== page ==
This is a partial transcript of "Special Report With Brit Hume" from Feb. 14, 2006, that has been edited for clarity.

BRIT HUME, HOST: For more on Mr. Whittington and his injuries, we turn to FOX News medical analyst atrial fibrillation. They picked that up, they did an angiogram or cardiac catheterization and found the pellet. Where does the heart attack part come in?

The pellet damaged a little part of that heart muscle, releasing enzymes which signal heart attack. I don’t want to make it more complicated than it is. The word heart attack means that a portion of muscle has been damaged. Now, 99.999 percent of the time, that damage occurs from a blocked artery or blocked blood vessel. In this case, the damage occurred, the heart attack occurred, from the pellet which hurt the muscle and caused the enzyme changes and electrocardiographic changes.

What is the outlook? I would think with this tiny pellet, I would think the outlook is good. This man doesn’t have heart disease. His arteries are apparently open. His heart muscle is good. It’s just this tiny area that was damaged and should heal. Will they do an operation to take it out? Probably not.

HUME: What will happen? Will the pellet eventually be washed away somehow, what will it happen?

ROSENFELD: It will stay there. There’s nothing that washes the heart muscle.

HUME: How great is the danger of infection?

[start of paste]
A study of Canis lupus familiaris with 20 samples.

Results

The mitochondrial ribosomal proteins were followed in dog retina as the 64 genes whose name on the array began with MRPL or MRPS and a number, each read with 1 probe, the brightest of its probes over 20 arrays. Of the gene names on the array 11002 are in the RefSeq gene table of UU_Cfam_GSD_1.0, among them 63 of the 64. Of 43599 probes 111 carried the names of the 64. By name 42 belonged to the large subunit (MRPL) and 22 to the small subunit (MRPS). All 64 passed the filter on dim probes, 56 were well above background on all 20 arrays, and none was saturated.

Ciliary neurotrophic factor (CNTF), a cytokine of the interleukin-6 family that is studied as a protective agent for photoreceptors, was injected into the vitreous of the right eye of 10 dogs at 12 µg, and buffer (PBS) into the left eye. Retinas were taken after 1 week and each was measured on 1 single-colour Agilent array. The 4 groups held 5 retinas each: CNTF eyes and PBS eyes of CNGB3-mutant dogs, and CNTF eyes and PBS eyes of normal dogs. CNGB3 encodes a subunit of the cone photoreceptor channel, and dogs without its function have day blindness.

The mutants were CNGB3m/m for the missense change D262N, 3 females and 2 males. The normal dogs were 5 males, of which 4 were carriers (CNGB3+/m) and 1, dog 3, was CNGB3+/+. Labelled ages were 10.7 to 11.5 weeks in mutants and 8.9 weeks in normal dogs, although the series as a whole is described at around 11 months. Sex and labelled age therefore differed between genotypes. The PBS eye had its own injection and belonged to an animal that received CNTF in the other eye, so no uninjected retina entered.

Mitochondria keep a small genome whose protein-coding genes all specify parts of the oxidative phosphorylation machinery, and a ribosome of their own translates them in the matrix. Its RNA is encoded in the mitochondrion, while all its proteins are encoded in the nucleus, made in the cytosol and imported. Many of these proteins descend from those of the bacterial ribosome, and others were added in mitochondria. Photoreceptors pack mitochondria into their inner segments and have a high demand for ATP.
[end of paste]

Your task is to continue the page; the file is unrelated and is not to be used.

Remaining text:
ROSENFELD: Probably not great, it’s the interior of the heart and there’s no — I mean, they’ll have to watch for it, if it’s infected, they’ll have to treat him with antibiotics, but one can’t predict that. It will probably rest right there.

There are many cases of shrapnel during war which penetrate the chest wall and lodges into the heart muscle and have you a similar picture.

HUME: They are saying he might have to stay in the hospital another week. Does that sound right to you?

ROSENFELD: That sounds about right. The problem is they have to control his at atrial fibrillation. I don’t know if this cardiac rhythm problem has revolved itself. Whether the heart is now beating normally or they need to give him drugs to control the irregular heart rhythm. But a week seems like a reasonable time. If you know, they are not many doctors have experience with pellets in the heart, I’ll tell you that.

HUME: I’ll bet. Your view is a full recovery is likely?


HUME: Dr. Rosenfeld, a pleasure to have you.